At Sacco's Bowl Haven, August 2016  At Welsh and Dickey loop trail, July 2017  At Mt. Monadnock, July 2018  At Cambridge Brewing Company, October 2018 
Celebratory lunch at Toscano, May 2019 
At Greenleaf hut and Lafayette mountain, July 2019  At Trapology, November 2019 
At Jm Curley after escape room, November 2019 
At Red Fox escape room, January 2020 
At Beat the Lock (virtual escape room), January 2021 
Dinner at the Helmand, October 2022 

Ariel Amir, Principal Investigator Email: arielamir@seas.harvard.edu Ariel Amir grew up in Israel and received his B.S. from Hebrew University and his M.S. and Ph.D. from Israel’s Weizmann Institute of Science. In 2011, he came to Harvard University as a Junior Fellow, and in 2014 he joined the Harvard Paulson School as an Assistant Professor of Applied Mathematics and Applied Physics. In 2019 Ariel was promoted to an Associate Professor, and in 2021 named Gordon McKay Professor of Applied Mathematics and Applied Physics. 

Prathitha Kar, Graduate Student CCB, G5 Email: prathithakar@g.harvard.edu Prathitha is interested in finding molecular mechanisms controlling various biological phenomenon using theoretical tools. He is currently studying the size regulation of various organelles like flagella in Chlamydomonas as well as cell cycle progression in bacteria. 

Deng Pan, Graduate Student Applied Physics, G4 Email: dpan@g.harvard.edu Deng is generally interested in the statistical physics and mathematics of disordered and complex systems. He has been working on different topics including disordered photonic crystals and complex networks. Currently he is working on flows in random networks and evolution of biological networks. 

Luyi Qiu, Graduate Student Applied Physics, G4 Email: lqiu@g.harvard.edu Luyi’s research is focused on cell growth from a mechanical perspective. She is using tools from elasticity, geometry, and numerical computation to address problems such as how bacteria maintain a robust shape. Most recently, she has been studying instabilities associated with thin, pressurized shells. 

Alumni
Ethan Levien, Postdoctoral Fellow Current: Dartmouth University Ethan is interested in understanding stochastic processes with applications in biological systems. He has worked on problems in chemical reaction network theory and diffusion in random environments. Most recently, he has been studying phenotypic variability in microbes and models of cell cycle progression. 

Ahmad Zareei, Postdoctoral Fellow Current: Ahmad is generally interested in fluid dynamics, nonlinear waves, continuum mechanics, and dynamical systems. He is currently working on the dynamics of networks, including flow in porous media as well as biological networks.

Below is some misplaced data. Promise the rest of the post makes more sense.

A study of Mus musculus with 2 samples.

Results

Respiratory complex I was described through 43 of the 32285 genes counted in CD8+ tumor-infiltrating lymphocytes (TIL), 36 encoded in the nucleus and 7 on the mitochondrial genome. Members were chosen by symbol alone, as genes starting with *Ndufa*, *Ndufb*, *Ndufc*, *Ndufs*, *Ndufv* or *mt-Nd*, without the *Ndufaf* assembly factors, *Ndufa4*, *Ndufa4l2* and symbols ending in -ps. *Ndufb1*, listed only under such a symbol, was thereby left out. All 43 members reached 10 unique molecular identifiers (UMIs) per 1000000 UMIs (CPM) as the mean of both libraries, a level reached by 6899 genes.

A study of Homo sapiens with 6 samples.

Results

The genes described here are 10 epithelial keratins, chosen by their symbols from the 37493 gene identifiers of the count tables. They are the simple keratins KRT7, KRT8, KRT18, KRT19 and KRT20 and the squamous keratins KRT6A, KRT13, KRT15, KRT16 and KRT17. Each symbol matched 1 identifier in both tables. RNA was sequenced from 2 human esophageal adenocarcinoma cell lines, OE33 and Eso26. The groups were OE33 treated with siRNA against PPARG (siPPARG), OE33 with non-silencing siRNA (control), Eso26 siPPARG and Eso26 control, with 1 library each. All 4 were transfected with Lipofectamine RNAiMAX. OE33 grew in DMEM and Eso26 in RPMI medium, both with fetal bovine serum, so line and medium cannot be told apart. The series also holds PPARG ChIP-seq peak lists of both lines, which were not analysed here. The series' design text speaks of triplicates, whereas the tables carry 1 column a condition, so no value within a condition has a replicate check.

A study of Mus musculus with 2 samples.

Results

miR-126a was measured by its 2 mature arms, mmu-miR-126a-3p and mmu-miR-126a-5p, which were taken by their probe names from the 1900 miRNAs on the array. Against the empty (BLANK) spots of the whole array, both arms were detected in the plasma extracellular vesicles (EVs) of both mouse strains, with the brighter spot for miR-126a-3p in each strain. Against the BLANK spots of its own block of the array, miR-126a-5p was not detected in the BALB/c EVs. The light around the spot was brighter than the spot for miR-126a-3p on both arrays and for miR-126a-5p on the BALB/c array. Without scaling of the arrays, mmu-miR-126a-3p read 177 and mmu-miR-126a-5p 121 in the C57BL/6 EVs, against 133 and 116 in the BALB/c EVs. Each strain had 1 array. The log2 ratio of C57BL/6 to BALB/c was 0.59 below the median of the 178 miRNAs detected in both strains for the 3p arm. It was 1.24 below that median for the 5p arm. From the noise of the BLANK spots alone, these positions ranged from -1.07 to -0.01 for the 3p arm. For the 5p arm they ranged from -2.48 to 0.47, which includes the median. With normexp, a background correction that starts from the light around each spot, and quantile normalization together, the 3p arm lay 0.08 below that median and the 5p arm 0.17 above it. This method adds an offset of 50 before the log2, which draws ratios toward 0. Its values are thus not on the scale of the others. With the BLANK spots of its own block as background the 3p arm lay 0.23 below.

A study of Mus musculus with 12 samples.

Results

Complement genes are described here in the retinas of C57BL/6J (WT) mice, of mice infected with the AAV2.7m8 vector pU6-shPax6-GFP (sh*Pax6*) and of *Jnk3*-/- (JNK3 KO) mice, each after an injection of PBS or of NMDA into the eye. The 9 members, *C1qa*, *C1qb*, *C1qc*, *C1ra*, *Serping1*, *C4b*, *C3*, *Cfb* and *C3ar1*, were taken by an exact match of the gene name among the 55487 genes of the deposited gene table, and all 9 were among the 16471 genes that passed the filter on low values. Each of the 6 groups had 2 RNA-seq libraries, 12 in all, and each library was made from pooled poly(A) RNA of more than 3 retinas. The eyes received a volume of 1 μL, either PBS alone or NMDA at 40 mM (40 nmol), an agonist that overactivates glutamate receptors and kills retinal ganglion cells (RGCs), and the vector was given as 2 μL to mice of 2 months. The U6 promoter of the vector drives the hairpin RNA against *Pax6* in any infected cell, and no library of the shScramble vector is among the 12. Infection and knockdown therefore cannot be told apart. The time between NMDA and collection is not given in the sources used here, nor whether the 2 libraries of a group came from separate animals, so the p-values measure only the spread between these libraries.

Jie Lin, Postdoctoral Fellow
Current: Professor in Peking University 

Nitin Upadhyaya, Postdoctoral Fellow Current: Flame University, Pune Nitin worked on structural colors stemming from disordered structures. 

Paul Dieterle, Graduate Student Current: Paul works on cell signaling, particularly during immune response, using continuum modeling and numerical simulations.


Jiseon Min, Graduate Student Current: Jiseon is generally interested in making a generalized mathematical model for biological phenomena, ranging from protein partitioning inside a cell to intercellular interactions.


PoYi Ho, Graduate Student Current: Huang lab, Stanford University PoYi's research focused on understanding how cells grow and divide. How do cells regulate and coordinate the timing of their divisions and the replication of their chromosomes? What is the stochastic nature of these processes, and how are they controlled? 

Felix Wong, Graduate Student Current: Collins lab, MIT Felix's research focused on cell mechanis, and in particular on understanding the subcellular organization and regulatory processes needed for bacteria to maintain a robust shape. He was addressing this question using tools from differential geometry to coarsegrained numerical computation. 

Felix Barber, Graduate Student Current: Rojas lab, NYU Felix studied the regulation of cell size through a combination of theoretical and experimental approaches. He was working on this problem in budding yeast, and had a joint supervision by Andrew Murray. 

Yipei Guo, Graduate Student Current: Hermundstad lab, Janelia Research Campus Yipei worked on problems related to microbial evolutionary dynamics as well as the stability of gene regulatory networks and random matrix theory. 

Caleb Q. Cook, Undergraduate Student Physics and Mathematics, Class of 2015 Caleb was studying the optical properties of slowly chirped dielectric mirrors and their applications in biological systems, such as butterflies and beetles. 

Michael Landry, Undergraduate Student Current: Columbia University Physics and Mathematics, Class of 2016 Michael developed mathematical models for the dynamics of the "Euler disk", a toy manifesting a finitetime singularity. 

Mark Arildsen, Undergraduate Student Current: UCSB Physics and Mathematics, Class of 2016 Mark was developing optical models for the chirally selective reflectors found in the elytra of a number of species of scarab beetle. 

Olumakinde Ogunnaike, Undergraduate Student Current: MIT Physics, Class of 2017 Makinde was modeling the diffusive behavior of quantum mechanical wavepackets in noisy environments. 

Adam Frim, Undergraduate Student Current: Berkeley Physics, Class of 2018 Adam was modeling the dynamics of the Euler's Disk with a particular focus on observed auditory events. 

Nisarga Paul, Undergraduate Student Current: MIT Physics, Class of 2019 Nisarga was modeling the diffusion of quantum mechanical wavepackets on a lattice arising from timedependent noise.